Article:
Updated: Nov 5, 2020
When you first bring home a sweet little bundle of joy, putting him or her in a crate can seem cruel. After all, you wouldn’t want to spend time in a cage, so why would your dog? But, if done correctly, crate training is actually one of the best things you can do for your new puppy. In fact, dogs of every age can benefit from having a crate. Dogs are pack animals and are instinctively drawn to living in a cozy den. In the wild, a den is where your dog would have slept, raised puppies, and hid safely away from danger. When used appropriately, a crate can provide this same feeling of a safe home base for your dog. The key to creating a safe crate space for your animal companion is to know how to use it.
The first step is selecting a crate. Be sure to get one that is the right size. Dogs tend not to eliminate in their dens, so having too large of a crate may give them the sense that they can eliminate at one end and sleep at the other. Get a crate just large enough for your dog to turnaround while standing. This will help your dog to feel cozy and prevent him or her from eliminating in the crate. If you’re selecting a crate for a puppy, the Humane Society recommends getting a crate to fit your dog’s adult size and using an insert to make it smaller. When the puppy grows, you can move and eventually remove the insert. Alternatively, you can try renting a crate from a local shelter and then just move up in size as needed.
Crate training will be largely dependent upon your dog’s temperament, history, and age. Younger dogs who haven’t learned to fear the crate will train faster and easier than others. Whatever your dog’s experience and feelings about the crate, it is essential to train your dog to only associate the crate with positives and to go slowly with the process(paws.org). It is very important to never use the crate as a place of punishment, as your dog will make negative associations with the crate and not want to go in it.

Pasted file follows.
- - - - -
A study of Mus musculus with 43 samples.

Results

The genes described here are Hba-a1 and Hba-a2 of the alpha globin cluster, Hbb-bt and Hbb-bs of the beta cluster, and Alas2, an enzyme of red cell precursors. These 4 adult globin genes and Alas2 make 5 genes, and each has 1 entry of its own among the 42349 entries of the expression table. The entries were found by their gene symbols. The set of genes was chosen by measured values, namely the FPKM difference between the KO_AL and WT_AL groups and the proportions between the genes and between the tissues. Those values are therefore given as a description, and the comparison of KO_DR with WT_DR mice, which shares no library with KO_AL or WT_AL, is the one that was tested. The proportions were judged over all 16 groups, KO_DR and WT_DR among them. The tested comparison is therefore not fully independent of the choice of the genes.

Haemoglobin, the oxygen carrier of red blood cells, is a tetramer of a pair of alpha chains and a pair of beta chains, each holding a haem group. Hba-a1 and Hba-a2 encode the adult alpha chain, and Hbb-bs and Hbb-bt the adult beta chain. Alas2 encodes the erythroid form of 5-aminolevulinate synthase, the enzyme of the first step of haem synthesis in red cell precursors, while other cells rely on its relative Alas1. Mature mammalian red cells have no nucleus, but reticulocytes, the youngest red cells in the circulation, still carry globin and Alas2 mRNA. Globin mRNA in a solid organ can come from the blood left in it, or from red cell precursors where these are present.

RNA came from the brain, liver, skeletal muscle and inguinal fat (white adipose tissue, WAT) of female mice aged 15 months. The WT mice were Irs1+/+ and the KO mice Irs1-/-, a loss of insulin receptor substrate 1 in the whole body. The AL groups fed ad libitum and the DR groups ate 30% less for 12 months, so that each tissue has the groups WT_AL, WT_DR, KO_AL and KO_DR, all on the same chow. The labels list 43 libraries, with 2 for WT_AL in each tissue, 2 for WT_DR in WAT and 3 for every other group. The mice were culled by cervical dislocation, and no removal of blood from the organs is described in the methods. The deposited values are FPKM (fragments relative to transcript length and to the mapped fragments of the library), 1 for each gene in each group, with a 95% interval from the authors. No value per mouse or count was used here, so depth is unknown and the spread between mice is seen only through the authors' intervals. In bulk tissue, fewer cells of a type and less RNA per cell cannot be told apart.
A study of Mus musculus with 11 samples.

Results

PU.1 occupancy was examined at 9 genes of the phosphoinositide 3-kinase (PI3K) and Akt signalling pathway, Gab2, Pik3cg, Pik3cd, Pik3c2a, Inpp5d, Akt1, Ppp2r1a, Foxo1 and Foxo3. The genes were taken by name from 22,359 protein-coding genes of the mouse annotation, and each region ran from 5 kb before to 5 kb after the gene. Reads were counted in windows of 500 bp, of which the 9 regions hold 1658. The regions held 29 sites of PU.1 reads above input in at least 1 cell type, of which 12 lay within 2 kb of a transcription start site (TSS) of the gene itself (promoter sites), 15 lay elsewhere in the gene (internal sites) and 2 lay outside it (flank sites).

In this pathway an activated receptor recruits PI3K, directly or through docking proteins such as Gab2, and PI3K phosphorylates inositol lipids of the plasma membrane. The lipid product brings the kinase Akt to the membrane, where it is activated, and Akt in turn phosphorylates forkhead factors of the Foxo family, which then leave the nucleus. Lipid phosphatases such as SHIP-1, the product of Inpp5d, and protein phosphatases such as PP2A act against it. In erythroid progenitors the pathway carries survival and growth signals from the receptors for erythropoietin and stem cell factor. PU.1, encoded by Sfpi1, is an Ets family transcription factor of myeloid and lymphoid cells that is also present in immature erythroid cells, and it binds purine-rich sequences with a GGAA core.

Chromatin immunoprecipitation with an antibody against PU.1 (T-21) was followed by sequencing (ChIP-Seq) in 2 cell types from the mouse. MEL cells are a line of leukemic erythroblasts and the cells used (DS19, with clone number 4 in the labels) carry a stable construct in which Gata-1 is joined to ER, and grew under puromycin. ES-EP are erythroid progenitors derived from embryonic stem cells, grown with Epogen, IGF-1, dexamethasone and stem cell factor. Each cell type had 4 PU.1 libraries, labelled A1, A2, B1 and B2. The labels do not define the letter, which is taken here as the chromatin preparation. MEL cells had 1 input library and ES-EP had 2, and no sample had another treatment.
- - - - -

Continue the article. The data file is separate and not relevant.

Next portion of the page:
Once you have selected the crate, follow these steps to train your dog to love it:
· Create positive associations with the crate by dropping treats near the crate, then inside the crate. Encourage, but don’t force, your animal to enter the crate to get the treats. Once your animal is comfortable getting treats from the crate, you can move on to feeding him or her there. Again, begin slowly by placing the food dish near the crate, then progressively inside the crate depending upon your animal’s comfort level. Once your animal is comfortable eating inside the crate, you can close the crate door while he or she is eating. Open it as soon as he or she is finished at first, then progress to longer intervals with the door closed. If your dog whines to get out, it is imperative to not give in. This will teach your dog to associate whining with getting what he or she wants.
· Once your dog is comfortable staying inside the crate, you can move to leaving him or her in there while you go out. Put your dog in the crate five or ten minutes before you will leave, then go without making a fuss, do not say good bye to the dog or interact with them in any kind of way.
· Keep your dog in the crate to sleep at night. When your dog is a puppy, keep the crate near your sleeping area so that you can hear when he or she needs to go out to eliminate. Eventually, your dog will sleep through the night, and then you can choose whether or not to keep the crate near your sleeping area.
In general, you will want to keep the crate in an area of the house that designated for the dogs, and not frequently used by the family. Additionally, don’t leave your puppy in the crate for long periods of time. Puppies need to eliminate at least every three to four hours, so they shouldn’t stay in the crate any longer than that. adult dogs can hold it in for much longer, And all dogs need companionship and stimulation. If you must be away for a longtime during the day, consider using a doggy daycare or having a dog walker or friend come over to let your dog out of the crate for a while every day. If your dog needs to spend long days and nights in the crate with just a short time of freedom in between, Make sure that the times they are out and interacting with the family are meaningful and full of activities to ensure they burn out exes energy and are ready for a nap while they are in the crate.
Crate training can be quite beneficial to your dog. It can help your animal companion to feel safe and secure through the night and when you are not able to be home with him or her. Be sure to follow our tips so that your pup will love the crate like a den.